In "Pride and Prejudice" Darcy refuses to dance with Elizabeth. At the next ball it is the reverse. What is the significance of this irony?
Both Darcy and Elizabeth, at these separate balls, have given in to their negative perceptions about the other person, and have revealed their main character flaws that will keep them apart for so long. At the first ball, Darcy reveals his prideful character; he acts aloof for the entire ball, and his comment about Elizabeth is very stand-offish and snobby: "She is tolerable, but not handsome enought to tempt me; I am in no humour at present to give consequence to young ladies who are slighted by other men." Here Darcy reveals his tendency to make snap judgments, and for his pride to overwhelm any other senses. When he does finally come to his senses and move past his pride to see Elizabeth's true value, she has been tainted by Wickam. She comes to the next ball with prejudice against Darcy reigning full in her heart. It overwhelms any other possible sentiment. So it is now she that is the one who misses an opportunity because of a weakness in character.
The irony is significant because it is an equal situation in which each one of their flaws-pride and prejudice-are seen clearly, and to the detriment of them both.
The irony of Elizabeth's actions hits Darcy over the head. He is not used to women refusing him, he is accustomed to women falling all over him because of his social position and financial status. Elizabeth, a gentleman's daughter, but a pauper compared to Darcy, has the nerve to reject his attention toward her. This is unthinkable for the prideful Darcy at this point in the story.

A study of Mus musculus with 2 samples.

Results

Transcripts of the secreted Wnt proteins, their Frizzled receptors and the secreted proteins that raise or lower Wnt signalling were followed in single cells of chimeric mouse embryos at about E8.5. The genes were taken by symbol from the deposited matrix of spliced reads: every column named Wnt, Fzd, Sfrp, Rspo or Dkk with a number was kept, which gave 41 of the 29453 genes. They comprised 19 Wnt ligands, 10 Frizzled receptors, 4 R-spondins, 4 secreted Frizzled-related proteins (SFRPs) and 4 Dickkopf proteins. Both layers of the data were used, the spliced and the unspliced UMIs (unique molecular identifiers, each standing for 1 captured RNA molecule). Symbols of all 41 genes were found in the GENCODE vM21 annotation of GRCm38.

But what is particularly interesting is the way that Austen writes these characters, giving Elizabeth Bennett a personality that allows her to reject a rich, rich man even though her family is desperate for a good solid marriage from her or Jane. Elizabeth 's integrity, honesty and devotion to the truth are the main reasons that Darcy falls head over heels in love with her. She does not grovel at his feet, even though, she, more than Caroline Binghley, needs Darcy's money and position.
It is very ironic for Darcy, then, that Elizabeth sticks to her principles, rejecting him for his arrogance, even though Darcy is very rich and could be a savior to her family's situation.
The other really funny irony that is very common in every day life is, just because Darcy changed his mind does not mean the opportunity still exists. How perfectly wonderful that Darcy rises above his original behaviour and IS now more than willing to give consequence to Eliza Bennett.
I have always believed though don't recall reading it, that Darcy spoke so thoughtlessly when he didn't want to dance with Lizzie, that most likely he didn't even recall the incident.